Office 2010 Public Beta
Office for Consumers: Starter Edition & Click-2-Run
In my Office 2010 Preview, I mentioned some of the new product editions that Microsoft will be delivering to customers in this version of its venerable office productivity suite. Among them is Office 2010 Starter edition, which will replace Microsoft Works and only be provided to customers who purchase new PCs. This week, Microsoft surprised me by providing a downloadable Beta version of Office 2010 Starter, which also has the distinction of being the first public vehicle for Click-2-Run, Microsoft's new virtualization-based software deployment tool. (Click-2-Run was also discussed in the Office 2010 Preview article). So there are a number of things going on here.
"Many people don't think of Office outside of work, Justin Hutchinson, the Director of Product Management for Consumer Office said in a briefing last month. "But 250 million people use Office at home. Half of all adults in the US use it at home. It's hugely popular with students. Office it's just a tool for work, it's a tool for your entire life.
With this in mind, Microsoft is pushing two major consumer initiatives in Office 2010, Office Starter and Click-2-Run. "We're making Office simpler to buy and try," Hutchinson said.
Office 2010 Starter is pretty straightforward. It offers ad-supported, limited (but not trial) versions of just Word and Excel and will be sold with new PCs only. And while that may sound slightly disappointing, remember that this product replaces Microsoft Works, providing a true Office experience. More important, perhaps, it also provides easy ways to upgrade to more compelling Office product editions.
"Office Starter is a great solution," Hutchinson said. "Most people want a productivity experience out of the box with a new PC, and this delivers on that. It lets you create and edit basic documents. It contains the ribbon, so it's a great onramp to the full Office experience. And it's designed for people using Works--and there are tens of millions of people doing so today--people with basic needs."
Comparing the Starter versions of Word and Excel to the normal versions, you'll see a couple of obvious differences. Microsoft says that Office Starter retains the Office 2010 look and feel, but that's not the case, at least not in the Beta, which offers the pale blue look of Office 2007. The ribbon is there, but simplified. In Word 2010, for example, you get 7 ribbon tabs by default, but Word 2010 Starter offers just 4 (Reference, View, and Review are missing). There's a fixed task pane on the right, and you can't move it or remove it. This task pane includes some links--Get Started, Do More, and Get More--as well as a square, web-like ad in the lower right.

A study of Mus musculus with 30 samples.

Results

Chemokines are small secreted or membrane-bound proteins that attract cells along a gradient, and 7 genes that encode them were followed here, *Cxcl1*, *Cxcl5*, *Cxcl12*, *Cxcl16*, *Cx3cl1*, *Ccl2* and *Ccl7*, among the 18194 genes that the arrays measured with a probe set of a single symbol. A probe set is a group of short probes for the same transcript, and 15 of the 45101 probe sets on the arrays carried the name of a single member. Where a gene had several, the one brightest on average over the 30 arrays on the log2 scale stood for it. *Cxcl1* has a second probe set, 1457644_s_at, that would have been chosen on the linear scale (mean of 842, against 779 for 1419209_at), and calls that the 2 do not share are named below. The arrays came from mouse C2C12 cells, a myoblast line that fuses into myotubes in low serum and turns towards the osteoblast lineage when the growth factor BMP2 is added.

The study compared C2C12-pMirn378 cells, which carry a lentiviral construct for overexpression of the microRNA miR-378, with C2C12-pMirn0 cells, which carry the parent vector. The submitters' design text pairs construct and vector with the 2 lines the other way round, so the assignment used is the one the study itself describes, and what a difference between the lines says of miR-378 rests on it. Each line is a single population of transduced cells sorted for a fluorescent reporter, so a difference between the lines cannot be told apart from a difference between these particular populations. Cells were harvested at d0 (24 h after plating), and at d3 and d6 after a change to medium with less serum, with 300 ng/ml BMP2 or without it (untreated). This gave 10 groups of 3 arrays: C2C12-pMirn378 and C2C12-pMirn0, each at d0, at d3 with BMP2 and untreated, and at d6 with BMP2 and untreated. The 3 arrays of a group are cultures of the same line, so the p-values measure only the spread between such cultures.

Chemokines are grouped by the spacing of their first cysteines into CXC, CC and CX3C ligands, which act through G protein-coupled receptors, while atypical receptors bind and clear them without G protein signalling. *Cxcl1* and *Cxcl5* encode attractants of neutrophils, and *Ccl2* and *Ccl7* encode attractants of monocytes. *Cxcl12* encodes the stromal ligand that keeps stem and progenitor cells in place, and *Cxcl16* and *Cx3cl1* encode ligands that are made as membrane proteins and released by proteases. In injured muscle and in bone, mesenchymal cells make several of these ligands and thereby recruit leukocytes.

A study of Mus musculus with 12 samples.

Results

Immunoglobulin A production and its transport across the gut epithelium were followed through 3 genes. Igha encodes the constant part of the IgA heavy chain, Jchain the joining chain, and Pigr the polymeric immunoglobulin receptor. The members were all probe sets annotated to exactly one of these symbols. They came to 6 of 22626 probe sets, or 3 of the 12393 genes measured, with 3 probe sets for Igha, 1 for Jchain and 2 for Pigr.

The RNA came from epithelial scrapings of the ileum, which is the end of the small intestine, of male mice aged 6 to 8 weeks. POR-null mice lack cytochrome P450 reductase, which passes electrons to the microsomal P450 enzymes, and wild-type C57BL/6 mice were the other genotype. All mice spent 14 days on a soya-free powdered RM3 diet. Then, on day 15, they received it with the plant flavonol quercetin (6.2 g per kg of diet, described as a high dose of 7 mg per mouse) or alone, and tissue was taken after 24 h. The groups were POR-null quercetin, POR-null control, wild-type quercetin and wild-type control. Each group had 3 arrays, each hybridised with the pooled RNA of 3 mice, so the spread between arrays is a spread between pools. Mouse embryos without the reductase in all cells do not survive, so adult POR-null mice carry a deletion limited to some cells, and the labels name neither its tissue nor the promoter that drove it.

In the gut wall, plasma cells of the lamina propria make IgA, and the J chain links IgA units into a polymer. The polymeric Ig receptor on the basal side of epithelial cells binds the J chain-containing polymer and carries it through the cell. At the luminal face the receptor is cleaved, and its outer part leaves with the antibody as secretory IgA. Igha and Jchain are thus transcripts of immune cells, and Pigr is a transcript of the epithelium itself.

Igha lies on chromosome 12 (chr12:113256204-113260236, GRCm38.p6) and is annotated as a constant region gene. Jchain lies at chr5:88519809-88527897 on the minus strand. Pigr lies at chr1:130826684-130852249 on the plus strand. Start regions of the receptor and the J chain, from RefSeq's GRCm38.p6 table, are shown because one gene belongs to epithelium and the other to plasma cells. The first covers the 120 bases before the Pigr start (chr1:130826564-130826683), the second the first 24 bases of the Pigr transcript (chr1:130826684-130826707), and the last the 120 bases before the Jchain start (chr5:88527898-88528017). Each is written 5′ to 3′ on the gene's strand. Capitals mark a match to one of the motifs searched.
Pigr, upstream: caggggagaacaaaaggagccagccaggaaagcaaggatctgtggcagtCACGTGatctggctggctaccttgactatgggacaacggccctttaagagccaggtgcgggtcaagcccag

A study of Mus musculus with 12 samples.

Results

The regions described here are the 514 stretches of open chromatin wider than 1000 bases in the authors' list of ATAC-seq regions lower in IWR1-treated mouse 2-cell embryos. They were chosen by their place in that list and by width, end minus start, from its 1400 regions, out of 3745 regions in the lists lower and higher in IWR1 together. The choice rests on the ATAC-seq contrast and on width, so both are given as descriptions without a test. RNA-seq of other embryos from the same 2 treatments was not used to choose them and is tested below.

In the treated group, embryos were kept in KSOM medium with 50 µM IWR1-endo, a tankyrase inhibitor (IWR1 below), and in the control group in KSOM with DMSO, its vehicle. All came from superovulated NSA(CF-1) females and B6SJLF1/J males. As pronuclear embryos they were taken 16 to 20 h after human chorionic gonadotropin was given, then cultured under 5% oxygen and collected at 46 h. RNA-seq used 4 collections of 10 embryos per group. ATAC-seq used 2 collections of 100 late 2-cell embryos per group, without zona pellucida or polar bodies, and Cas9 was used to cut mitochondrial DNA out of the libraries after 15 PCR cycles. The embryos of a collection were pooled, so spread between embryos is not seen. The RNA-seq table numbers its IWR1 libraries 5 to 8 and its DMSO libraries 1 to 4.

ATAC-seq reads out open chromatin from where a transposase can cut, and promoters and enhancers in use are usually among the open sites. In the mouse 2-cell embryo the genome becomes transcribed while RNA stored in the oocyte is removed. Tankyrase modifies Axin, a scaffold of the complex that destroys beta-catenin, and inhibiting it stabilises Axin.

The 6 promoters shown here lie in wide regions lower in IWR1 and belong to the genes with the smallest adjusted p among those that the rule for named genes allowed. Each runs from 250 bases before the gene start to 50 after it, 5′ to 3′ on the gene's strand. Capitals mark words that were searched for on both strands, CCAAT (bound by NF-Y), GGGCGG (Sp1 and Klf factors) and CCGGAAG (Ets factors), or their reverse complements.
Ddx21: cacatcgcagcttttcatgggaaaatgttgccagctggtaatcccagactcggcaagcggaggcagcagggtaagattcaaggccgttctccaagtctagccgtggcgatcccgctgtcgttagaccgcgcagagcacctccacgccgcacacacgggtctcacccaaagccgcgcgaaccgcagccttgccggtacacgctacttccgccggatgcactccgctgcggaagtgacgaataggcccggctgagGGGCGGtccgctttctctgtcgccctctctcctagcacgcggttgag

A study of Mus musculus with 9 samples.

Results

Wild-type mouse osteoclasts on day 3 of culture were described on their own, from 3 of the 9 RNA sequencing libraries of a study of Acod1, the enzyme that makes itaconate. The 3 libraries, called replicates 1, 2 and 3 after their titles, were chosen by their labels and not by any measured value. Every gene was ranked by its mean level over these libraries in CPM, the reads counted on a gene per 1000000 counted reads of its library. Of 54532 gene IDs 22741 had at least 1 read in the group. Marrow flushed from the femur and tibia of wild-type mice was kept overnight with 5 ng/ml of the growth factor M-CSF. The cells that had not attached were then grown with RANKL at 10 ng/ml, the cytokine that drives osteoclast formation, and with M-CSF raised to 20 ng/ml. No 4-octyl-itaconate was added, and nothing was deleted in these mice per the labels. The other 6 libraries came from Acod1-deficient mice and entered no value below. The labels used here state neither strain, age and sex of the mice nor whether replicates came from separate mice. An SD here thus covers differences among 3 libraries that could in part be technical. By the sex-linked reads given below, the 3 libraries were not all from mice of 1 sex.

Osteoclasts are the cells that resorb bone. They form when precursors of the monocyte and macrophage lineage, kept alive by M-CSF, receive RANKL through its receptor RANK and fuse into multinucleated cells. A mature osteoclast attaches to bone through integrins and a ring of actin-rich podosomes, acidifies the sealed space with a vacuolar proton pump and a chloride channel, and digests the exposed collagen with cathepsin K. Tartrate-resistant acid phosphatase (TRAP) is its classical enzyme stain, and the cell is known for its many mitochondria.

The ribbon UI from Word 2010 Starter (top) and Word 2010 (bottom) compared.
Also unique to the Office Starter apps is a Purchase link in the upper right of the ribbon. From there you will be able to eventually upgrade to better Office versions electronically.
"These are basic productivity solutions," Hutchinson said, noting that the types of things you can't do--like creating a table of contents, multi-author reviewing, Smart Art, bibliography, and the like in Word Starter--are typically needed only by more sophisticated users in work situations. And sure enough, even for my own (non-book) needs, Word Starter fits the bill. I've been using it exclusively for a few weeks now, actually.
As for Click-2-Run, this Office installation solution is based on Microsoft's enterprise-oriented Application Virtualization (App-V) technology. "20 million people visit office.com every year and download trial versions of our software," Hutchinson said. "And it takes 20 to 50 minutes to download a trial Office version on a typical broadband connection. That's too long."
Click-2-Run makes this experience faster and better. It presents a streaming virtualized copy of Office to the PC, allowing users to get up and running more quickly than before. Best of all, because the applications are virtualized, they're continuously up-to-date, automatically, and can be run side-by-side with older Office versions. "People are scared to install new Office versions because they're not sure what to do with their old version," Hutchinson said. "With Click-2-Run, Office 2010 only takes about two to three minutes for the initial download, and then you can start running the first application." In the background, the rest of the suite downloads and installs as you do other things.
Click-2-Run will be used for purchases, too: Microsoft will also make purchasable versions of various Office 2010 product editions available from the Microsoft Store online.
One final aspect of Click-2-Run is its ability to create a so-called Office To-Go Device, which is usually a USB memory key. Basically, instead of installing Office on your hard drive, you can install it to a USB device and run it from there. This will work from any compatible PC (Vista or higher), thanks to the self-contained nature of the virtualized environment is uses. When you run the Office executable on the device--a single file--you're presented with a front-end dashboard showing each of the available applications. It's unclear at this time how Microsoft will handle authorization. Perhaps it will just be relegated to Starter, which is essentially free anyway.